Jury Reaches Verdict On Only One Of 24 Counts In Blagojevich Trial

Former Illinois Gov. Rod Blagojevich, with his wife Patti , speaks to the reporters after a verdict at his corruption trial. Scott Olson/Getty Images hide caption

itoggle caption Scott Olson/Getty Images

As we reported yesterday, a federal jury found former Illinois Gov. Rod Blagojevich guilty of making false statements to the FBI.

Because jurors couldn't agree on 23 other counts, prosecutors are pushing for a retrial. U.S. District Judge James Zagel has scheduled a hearing on Aug. 26.

Outside of the Everett M. Dirksen U.S. Courthouse, Blagojevich and his lawyers had harsh words for Patrick J. Fitzgerald, the U.S. Attorney for the Northern District of Illinois:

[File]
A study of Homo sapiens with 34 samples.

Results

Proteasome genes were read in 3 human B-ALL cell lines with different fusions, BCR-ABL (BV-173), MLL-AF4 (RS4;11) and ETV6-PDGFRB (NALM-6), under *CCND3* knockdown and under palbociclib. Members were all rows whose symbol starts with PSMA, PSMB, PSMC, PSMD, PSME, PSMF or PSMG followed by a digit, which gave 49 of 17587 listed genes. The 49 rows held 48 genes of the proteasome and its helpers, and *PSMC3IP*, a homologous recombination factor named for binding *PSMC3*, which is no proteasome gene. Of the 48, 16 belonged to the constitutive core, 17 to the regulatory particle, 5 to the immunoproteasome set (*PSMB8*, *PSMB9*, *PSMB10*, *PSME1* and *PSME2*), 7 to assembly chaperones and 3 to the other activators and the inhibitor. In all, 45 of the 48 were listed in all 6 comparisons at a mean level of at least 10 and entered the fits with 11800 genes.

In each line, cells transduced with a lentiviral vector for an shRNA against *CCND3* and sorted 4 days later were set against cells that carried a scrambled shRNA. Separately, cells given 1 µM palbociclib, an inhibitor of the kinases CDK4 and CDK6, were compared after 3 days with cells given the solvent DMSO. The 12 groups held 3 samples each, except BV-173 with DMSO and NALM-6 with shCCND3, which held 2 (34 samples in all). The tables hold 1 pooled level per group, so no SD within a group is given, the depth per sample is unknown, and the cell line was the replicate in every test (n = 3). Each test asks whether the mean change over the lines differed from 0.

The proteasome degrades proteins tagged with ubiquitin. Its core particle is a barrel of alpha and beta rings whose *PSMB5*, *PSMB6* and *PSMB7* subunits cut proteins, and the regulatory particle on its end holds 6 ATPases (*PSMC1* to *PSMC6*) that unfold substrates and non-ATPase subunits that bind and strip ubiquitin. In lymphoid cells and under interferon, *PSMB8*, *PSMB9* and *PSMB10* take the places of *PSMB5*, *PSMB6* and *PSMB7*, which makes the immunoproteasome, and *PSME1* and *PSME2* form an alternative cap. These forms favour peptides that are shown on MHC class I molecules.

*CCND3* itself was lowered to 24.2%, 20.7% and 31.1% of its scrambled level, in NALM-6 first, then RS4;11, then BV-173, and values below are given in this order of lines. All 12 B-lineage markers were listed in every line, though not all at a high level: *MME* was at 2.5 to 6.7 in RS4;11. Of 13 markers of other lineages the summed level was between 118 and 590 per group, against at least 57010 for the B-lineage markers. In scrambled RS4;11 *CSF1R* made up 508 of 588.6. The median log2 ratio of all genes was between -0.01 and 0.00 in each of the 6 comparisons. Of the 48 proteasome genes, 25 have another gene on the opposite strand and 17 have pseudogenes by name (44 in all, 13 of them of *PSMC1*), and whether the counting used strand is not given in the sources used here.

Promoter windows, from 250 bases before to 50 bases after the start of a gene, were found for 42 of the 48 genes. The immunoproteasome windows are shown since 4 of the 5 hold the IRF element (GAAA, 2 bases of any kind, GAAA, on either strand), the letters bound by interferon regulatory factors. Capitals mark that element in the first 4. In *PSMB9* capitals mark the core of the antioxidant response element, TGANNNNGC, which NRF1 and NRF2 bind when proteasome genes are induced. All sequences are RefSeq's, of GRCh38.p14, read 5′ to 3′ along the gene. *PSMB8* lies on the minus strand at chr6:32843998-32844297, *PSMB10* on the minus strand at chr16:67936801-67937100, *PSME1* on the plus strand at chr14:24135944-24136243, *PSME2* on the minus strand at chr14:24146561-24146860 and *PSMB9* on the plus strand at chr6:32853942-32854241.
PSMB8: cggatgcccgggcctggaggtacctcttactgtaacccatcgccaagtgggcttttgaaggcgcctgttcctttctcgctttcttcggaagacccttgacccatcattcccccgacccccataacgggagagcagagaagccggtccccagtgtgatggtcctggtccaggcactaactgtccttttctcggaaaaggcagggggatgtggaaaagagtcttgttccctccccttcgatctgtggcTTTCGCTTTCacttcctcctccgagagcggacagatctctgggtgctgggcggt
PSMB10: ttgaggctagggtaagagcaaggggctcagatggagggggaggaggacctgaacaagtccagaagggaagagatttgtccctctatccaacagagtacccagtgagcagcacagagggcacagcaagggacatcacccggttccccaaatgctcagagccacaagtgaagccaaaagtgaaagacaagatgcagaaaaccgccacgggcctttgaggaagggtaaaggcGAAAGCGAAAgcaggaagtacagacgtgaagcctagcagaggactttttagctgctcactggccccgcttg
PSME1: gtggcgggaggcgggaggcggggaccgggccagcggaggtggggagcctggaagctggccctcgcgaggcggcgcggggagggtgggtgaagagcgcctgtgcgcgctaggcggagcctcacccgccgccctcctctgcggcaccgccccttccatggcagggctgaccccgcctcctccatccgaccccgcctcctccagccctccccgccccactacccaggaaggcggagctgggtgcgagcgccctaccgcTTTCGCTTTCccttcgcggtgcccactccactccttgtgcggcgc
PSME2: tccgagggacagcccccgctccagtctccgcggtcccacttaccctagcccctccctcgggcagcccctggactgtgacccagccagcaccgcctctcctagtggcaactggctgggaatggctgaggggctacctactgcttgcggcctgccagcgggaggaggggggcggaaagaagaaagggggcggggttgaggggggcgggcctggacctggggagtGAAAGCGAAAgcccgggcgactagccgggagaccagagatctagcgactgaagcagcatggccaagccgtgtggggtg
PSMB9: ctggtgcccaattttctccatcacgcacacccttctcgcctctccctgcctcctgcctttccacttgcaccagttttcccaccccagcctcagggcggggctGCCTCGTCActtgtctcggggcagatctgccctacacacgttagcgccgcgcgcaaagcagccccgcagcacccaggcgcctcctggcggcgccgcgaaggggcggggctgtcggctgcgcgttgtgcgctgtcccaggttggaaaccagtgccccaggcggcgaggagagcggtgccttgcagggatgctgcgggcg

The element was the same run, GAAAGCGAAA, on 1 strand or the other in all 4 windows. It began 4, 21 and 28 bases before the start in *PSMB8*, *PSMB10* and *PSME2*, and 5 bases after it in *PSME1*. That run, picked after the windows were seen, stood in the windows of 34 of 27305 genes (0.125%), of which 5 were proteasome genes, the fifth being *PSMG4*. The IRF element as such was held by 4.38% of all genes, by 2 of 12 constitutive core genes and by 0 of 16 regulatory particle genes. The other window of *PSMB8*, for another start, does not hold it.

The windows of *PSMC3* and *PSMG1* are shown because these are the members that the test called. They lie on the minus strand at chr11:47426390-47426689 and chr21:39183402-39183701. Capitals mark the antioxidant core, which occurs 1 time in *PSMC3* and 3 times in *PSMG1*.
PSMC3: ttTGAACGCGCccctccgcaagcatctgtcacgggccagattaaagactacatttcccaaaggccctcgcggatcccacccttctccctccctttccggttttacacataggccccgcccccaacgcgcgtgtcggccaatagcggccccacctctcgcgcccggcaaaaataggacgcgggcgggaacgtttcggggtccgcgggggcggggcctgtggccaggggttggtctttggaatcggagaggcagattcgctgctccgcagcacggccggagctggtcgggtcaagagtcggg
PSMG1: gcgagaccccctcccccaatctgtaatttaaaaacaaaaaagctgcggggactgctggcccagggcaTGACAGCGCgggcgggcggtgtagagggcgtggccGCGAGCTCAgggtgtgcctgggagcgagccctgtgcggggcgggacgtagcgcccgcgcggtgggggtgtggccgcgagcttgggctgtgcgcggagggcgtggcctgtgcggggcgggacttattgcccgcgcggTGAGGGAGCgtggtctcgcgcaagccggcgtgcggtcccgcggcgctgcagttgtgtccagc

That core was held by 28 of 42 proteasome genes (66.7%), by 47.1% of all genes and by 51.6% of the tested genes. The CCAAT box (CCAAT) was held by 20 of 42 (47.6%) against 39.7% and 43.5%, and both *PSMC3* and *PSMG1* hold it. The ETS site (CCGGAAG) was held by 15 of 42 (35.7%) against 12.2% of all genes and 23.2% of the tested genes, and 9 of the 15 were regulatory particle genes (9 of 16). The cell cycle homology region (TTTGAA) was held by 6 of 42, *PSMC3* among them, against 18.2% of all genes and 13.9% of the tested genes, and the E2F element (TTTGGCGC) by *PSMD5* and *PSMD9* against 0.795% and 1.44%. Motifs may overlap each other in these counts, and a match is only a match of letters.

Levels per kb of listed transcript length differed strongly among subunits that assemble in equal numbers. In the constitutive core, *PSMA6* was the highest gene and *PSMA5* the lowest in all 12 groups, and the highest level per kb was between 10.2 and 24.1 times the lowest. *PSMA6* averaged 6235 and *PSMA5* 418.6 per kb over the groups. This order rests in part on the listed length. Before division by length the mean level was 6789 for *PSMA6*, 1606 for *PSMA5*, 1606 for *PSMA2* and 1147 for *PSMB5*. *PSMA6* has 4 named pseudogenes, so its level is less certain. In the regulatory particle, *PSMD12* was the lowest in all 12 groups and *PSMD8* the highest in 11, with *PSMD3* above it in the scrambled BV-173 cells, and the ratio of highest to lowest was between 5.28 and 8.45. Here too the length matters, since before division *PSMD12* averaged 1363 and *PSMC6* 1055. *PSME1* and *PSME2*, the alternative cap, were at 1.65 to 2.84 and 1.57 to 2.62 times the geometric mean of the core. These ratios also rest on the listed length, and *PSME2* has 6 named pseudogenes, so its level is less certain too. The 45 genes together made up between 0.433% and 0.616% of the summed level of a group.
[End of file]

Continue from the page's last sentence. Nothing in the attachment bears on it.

"We have a prosecutor who has wasted and wants to spend tens of millions of dollars of taxpayer money to keep persecuting me," Blagojevich said.

Last night, Chicago reporters tracked down members of the jury, including foreman James Matsumoto. He told the Chicago Tribune that "he suspected early in the deliberations that the panel would have difficulty coming to an agreement, though they eventually did take a number of votes that were 11-1."

The foreman said the jury became exhausted listening to the undercover recordings of Blagojevich with holdouts unable to find "a smoking gun" that would satisfy them that he should be convicted.

Matsumoto said he wasn't bothered by the fact that Blagojevich didn't take the stand, the differing styles of the lawyers in the case or all the swearing on recordings of Blagojevich and other players in the case. The profanity was no problem for the four jurors who were military veterans, said Matsumoto, himself a Marine who served in Vietnam.